OSEA Government Relations Update

Thank you to all OSEA members who advocated for our OSEA priorities to the Joint Committee on Ways and Means during their biennial “road show”. Meetings were convened in Portland, Newport, Roseburg, Ontario and Salem over the month of April. OSEA members sent over 2,100 individual testimony, letters and emails to advocate for full K-12 funding for the 2023 to 2025 school years, and OSEA’s top legislative priorities in the Ways and Means Committee, including Just Cause for all classified staff, a 20% differential for special education (SPED) staff, five-hour minimum work days for SPED staff, and a workgroup to look at statewide education staff salaries.

On Monday, May 22, Oregon legislative leadership announced the budgets for the State School Fund (SSF), early learning and literacy success. The budget includes a $10.2 billion investment into the SSF, the most ever allocated and $700 million above the current service level.

The 2023 legislative session has hosted a challenging budget discussion as lawmakers grappled with transitioning core services for economically fragile working families while the federal COVID-19 relief funding ends.

“It was a worthwhile process to participate in the Ways and Means meeting in Roseburg. It was really important for me to hear all of the worth causes that need Oregon investments, but it looks like legislative leadership heard us in a time when we need it most. Oregon schools will only get the money they need if we advocate for it,” said Susan Hardy, ROSE secretary/treasurer and member of the Oakridge School Board.

OSEA champions, like chairs of House and Senate Education Committees, Rep. Courtney Neron (D-Wilsonville, Sherwood, King City, Tigard/Bull Mountain and Parrett Mountain) and Sen. Michael Dembrow (D-Portland), kept K-12 funding at the top of mind for legislators beyond the Ways and Means Committee.

“Stable funding is critical to a strong K-12 education. As a teacher, I know first-hand that achieving this level of investment means the world to educators and their students,” said Rep. Neron. “This set of investments gives educators the tools they need to deliver quality educational opportunities.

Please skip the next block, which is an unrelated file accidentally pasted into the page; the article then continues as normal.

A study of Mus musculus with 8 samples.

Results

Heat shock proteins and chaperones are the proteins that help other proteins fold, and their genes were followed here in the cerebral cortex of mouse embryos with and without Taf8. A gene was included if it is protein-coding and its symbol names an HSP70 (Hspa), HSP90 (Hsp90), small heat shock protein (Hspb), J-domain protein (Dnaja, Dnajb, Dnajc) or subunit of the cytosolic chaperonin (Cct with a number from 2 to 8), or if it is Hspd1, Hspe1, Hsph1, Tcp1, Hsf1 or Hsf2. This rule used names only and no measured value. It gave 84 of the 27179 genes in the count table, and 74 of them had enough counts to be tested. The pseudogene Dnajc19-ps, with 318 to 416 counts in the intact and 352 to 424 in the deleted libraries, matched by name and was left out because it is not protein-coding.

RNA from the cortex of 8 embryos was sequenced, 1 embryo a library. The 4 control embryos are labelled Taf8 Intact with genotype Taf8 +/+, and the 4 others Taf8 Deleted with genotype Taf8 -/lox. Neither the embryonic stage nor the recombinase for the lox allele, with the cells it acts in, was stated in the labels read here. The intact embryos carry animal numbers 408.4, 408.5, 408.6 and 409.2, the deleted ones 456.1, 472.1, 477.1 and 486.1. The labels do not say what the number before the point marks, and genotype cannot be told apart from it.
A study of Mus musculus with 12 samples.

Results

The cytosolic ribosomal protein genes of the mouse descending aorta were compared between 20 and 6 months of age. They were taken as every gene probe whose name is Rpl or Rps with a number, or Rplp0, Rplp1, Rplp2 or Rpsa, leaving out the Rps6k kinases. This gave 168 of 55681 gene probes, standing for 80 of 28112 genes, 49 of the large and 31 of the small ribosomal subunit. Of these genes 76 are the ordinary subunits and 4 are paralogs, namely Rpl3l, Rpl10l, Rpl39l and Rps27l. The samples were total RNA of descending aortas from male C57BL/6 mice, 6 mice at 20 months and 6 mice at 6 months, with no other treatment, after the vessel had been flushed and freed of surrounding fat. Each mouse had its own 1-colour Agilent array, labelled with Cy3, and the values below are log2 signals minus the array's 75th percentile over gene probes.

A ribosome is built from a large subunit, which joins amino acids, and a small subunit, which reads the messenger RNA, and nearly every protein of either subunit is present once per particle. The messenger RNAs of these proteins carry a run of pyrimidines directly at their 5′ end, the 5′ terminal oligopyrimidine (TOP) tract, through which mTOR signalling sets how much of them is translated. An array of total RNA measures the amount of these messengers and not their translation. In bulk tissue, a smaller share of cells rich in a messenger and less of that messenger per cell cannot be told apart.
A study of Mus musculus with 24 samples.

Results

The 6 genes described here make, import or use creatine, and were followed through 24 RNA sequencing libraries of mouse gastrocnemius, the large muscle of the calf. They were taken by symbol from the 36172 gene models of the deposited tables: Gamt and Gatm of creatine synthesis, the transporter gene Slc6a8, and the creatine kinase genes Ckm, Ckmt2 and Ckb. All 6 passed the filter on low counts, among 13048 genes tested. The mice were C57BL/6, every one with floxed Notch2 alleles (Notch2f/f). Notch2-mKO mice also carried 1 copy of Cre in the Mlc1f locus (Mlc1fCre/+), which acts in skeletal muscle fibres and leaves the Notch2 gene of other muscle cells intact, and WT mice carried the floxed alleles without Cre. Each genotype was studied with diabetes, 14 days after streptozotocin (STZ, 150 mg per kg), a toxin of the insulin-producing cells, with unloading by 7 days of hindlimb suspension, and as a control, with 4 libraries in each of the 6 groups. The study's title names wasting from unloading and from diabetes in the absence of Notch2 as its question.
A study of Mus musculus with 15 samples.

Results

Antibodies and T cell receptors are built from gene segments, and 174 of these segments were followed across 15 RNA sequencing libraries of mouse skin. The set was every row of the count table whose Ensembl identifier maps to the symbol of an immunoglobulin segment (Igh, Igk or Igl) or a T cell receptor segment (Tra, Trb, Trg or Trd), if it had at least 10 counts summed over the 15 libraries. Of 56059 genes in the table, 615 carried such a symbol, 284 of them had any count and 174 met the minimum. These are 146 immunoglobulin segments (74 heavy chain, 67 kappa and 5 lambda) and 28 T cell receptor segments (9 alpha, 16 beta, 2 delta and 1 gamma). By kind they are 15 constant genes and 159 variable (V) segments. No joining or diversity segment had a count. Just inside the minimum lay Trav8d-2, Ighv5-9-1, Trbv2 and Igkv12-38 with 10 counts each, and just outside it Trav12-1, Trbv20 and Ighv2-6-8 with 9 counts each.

In addition to K-12 funding, the presiding officers also announced a $140 million investment in Oregon’s Early Literacy and Success budget. This funding will prioritize reading and writing proficiency for elementary school students and address historic disparities for under-served students by:

  • Supporting educators with training and coaching to get the best possible outcomes for students
  • Providing literacy support for students from birth through third grade
  • Ensuring all Oregon schools are able to offer culturally aligned, research-aligned, student- and family-centered literacy curricula and making curricula and materials available
  • Funding summer and after school/extended learning programs to help underserved students meet their full potential
  • Investing in targeted, accelerated tutoring for underserved students to help them meet their goals

The June revenue forecast demonstrated the Legislature has chosen to invest directly in programs that are proven to uplift Oregon’s students and their communities.

“We are taking steps in these budgets to help students access and succeed in higher education, whether in universities or in career and technical education,” said Sen. Dembrow. “We need to make sure our students are prepared for their futures, and these investments will continue us on that path.”

Despite the ongoing Senate Republican walkout, legislators have collaborated on an unprecedented budget that will help all Oregonians. OSEA will continue to give you updates as more information comes available regarding the education budget, possible special sessions, and timing of the 2022 to 2025 biennium. If you haven’t had the chance to join us yet, sign up for OSEA’s Government Relations Update Group (GRUP!)’s biweekly meetings.